Veteran Italian statesman Silvio Berlusconi has ruffled some feathers in both Rome and Kiev after attacking Ukrainian President Volodymyr Zelensky for his role in the crisis with Russia, and criticizing Italian prime minister Giorgia Meloni for agreeing to meet with the Ukrainian leader.
“If I were prime minister I would never have met Zelensky, because we are witnessing the devastation of his country and the massacre of his soldiers and civilians,” Berlusconi told reporters Sunday evening after taking part in regional elections in Lombardy, northern Italy.
“I judge this gentleman’s behavior very, very negatively,” the 84-year-old former minister said, referring to Zelensky’s role in fomenting the crisis in the Donbass. “All he had to do was stop attacking the two autonomous republics of the Donbass and this would not have happened,” Berlusconi said.
Berlusconi urged the US to commit to a multi-trillion dollar ‘Marshall Plan’-style peace deal to rebuild Ukraine, with the funds to be made available on the condition that Kiev agrees to an immediate ceasefire “tomorrow,” on pain of a complete halt to Western financial and weapons assistance. “Only this could convince this gentleman [Zelensky] to reach a ceasefire,” the former PM believes.
Foreign Minister Antonio Tajani, a member of Prime Minister Meloni’s coalition government who also happens to be a member Berlusconi’s Forza Italia party, walked back the party leader’s comments, assuring in a tweet that “Forza Italia has always sided in favour of the independence of Ukraine,” and “on the side of Europe, NATO and the West.” Tajani assured that the party would “continue to vote with our government allies” in respect of the government’s course.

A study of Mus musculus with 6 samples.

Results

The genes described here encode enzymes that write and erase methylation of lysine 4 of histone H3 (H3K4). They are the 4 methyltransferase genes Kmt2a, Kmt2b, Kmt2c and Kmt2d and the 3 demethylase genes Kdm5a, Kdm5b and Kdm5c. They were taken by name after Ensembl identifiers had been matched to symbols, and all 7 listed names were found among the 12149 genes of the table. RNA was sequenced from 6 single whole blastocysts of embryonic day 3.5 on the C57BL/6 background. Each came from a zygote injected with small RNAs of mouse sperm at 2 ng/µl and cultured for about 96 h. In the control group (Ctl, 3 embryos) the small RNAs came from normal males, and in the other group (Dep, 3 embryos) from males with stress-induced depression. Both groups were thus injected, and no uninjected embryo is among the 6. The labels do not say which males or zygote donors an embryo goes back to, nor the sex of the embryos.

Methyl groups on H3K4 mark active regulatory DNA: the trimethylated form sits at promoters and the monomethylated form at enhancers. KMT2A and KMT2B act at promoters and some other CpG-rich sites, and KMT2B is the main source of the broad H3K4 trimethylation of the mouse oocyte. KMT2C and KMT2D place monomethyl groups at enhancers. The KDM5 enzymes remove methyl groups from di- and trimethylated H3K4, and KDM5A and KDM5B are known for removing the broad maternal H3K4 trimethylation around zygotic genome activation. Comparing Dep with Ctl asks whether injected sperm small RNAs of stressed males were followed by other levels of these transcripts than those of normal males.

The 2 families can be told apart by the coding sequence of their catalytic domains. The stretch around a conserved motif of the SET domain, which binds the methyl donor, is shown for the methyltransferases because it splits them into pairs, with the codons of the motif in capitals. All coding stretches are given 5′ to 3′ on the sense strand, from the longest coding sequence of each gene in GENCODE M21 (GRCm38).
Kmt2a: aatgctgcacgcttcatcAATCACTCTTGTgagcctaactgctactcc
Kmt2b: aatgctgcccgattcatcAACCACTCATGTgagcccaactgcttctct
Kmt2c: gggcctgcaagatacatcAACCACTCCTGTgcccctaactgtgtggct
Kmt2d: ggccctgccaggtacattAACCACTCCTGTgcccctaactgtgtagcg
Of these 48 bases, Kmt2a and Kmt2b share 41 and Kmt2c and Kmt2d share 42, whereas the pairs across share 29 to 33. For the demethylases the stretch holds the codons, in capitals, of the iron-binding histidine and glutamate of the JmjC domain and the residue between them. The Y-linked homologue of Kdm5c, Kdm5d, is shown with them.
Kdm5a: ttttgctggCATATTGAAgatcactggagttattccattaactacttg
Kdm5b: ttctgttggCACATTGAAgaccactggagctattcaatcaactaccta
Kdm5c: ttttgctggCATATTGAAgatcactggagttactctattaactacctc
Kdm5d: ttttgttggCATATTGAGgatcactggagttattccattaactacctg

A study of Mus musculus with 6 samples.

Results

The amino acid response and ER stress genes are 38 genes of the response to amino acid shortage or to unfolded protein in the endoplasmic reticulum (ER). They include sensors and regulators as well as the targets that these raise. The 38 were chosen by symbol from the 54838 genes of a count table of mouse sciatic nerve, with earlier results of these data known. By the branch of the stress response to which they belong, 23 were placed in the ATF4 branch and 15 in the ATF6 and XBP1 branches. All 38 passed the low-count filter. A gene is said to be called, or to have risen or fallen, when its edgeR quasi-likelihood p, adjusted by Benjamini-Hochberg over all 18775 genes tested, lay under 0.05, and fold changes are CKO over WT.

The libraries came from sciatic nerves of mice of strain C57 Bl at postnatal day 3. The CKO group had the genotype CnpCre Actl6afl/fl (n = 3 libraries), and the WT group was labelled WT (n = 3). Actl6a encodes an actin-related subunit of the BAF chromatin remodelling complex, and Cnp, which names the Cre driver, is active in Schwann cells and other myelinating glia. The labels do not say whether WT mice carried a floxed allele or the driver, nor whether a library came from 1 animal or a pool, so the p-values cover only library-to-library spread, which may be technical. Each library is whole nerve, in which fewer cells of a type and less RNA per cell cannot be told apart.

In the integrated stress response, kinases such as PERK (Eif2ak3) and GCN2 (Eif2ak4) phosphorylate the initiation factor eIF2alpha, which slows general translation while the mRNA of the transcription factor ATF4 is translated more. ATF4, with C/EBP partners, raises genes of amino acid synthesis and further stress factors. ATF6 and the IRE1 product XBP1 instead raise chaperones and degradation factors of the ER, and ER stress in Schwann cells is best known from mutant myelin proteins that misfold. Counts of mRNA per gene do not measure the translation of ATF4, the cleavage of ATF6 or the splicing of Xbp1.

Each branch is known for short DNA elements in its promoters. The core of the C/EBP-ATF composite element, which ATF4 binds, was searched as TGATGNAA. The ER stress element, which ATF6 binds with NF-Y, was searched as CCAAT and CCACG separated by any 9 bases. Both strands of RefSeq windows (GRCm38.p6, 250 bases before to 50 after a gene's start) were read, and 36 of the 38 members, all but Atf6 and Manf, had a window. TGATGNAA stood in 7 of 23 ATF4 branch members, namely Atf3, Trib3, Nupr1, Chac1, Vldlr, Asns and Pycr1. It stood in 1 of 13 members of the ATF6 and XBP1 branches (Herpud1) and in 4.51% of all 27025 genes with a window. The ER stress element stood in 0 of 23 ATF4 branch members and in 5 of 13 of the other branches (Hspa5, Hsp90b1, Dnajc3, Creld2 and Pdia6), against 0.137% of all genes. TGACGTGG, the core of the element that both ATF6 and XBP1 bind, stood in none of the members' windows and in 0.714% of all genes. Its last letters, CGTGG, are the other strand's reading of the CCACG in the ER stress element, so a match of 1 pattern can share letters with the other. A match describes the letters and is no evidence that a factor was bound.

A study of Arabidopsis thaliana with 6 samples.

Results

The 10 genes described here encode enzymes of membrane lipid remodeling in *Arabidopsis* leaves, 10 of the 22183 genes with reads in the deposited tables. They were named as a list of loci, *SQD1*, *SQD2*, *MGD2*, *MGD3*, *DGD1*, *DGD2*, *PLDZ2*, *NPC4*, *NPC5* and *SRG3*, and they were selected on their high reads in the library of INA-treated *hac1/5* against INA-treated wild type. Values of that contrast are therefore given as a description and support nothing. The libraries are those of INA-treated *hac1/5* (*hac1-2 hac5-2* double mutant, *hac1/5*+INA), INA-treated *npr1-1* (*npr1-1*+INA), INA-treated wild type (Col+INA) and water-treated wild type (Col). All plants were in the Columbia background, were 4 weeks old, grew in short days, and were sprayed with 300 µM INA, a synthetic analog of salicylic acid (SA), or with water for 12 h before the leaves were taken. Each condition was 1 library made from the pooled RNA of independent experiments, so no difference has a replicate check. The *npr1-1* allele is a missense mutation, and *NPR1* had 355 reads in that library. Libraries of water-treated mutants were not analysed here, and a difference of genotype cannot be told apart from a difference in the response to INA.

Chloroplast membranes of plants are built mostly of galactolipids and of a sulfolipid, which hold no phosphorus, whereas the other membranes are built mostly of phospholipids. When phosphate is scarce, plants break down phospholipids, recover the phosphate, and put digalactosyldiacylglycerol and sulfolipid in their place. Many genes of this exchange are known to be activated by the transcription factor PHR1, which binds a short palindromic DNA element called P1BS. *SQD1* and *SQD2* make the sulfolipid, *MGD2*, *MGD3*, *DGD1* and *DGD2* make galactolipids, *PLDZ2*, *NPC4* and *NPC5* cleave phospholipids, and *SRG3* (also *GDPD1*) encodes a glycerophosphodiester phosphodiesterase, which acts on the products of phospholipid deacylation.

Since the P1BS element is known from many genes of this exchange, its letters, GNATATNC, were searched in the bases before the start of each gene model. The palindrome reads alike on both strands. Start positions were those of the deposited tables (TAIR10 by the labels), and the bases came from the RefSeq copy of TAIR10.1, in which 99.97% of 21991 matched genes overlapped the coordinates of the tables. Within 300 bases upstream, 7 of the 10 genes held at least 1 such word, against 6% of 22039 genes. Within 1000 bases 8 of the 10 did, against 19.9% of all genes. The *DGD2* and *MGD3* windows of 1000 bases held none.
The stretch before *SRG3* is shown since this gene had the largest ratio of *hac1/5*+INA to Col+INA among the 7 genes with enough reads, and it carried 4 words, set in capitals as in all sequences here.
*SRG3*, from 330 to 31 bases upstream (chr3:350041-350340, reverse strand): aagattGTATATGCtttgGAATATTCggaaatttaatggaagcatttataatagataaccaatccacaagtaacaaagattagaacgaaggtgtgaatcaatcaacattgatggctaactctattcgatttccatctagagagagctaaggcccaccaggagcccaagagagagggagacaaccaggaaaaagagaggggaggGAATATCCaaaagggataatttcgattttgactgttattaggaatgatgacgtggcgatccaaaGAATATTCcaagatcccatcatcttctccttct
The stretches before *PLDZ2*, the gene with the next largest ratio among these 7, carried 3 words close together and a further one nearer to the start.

Meloni’s office similarly rushed to clarify that Rome’s “support for Ukraine” remains “solid and unwavering,” and includes Italy’s weapons support to Kiev.
Berlusconi’s remarks also sparked predictable outrage from Kiev, with a Foreign Ministry spokesperson accusing the Italian statesman of trying to “kiss Putin’s hands” just as he had kissed “Libyan dictator” Muammar Gaddafi’s, and charging Berlusconi with “spreading Russian propaganda.”
Zelensky aide Mykhailo Podolyak attacked Berlusconi as a “VIP agitator who acts within the framework of Russian propaganda, and trade’s Italy’s reputation for his friendship with Putin.”
Berlusconi served as Italy’s prime minister between 1994-1995, 2001-2006, and 2008-2011, and was one of the strongest proponents within the European Union of Russia’s integration into the bloc, and of the concept of a Greater Europe stretching ‘from Lisbon to Vladivostok’.
The strong personal rapport Berlusconi struck up with Putin and former president Dmitry Medvedev cooled last spring after the Italian statesman expressed deep disappointment with Putin’s “behavior” in Ukraine. However, in recent months the former prime minister has carefully amended his views on the crisis, and reportedly restored his personal friendship with Putin.
Russia kicked off a military operation in Ukraine a year ago amid escalating shelling and sabotage attacks against the Donbass, and fears of an imminent Ukrainian invasion, which prompted Donetsk and Lugansk leaders to start an evacuation of the civilian population to Russia.
President Zelensky admitted last week that he never intended to implement the 2015 Minsk peace agreement – which would have reintegrated the Donbass back into Ukraine peacefully in exchange for broad autonomy, saying the Ukrainian side was only using the deal for prisoner exchanges.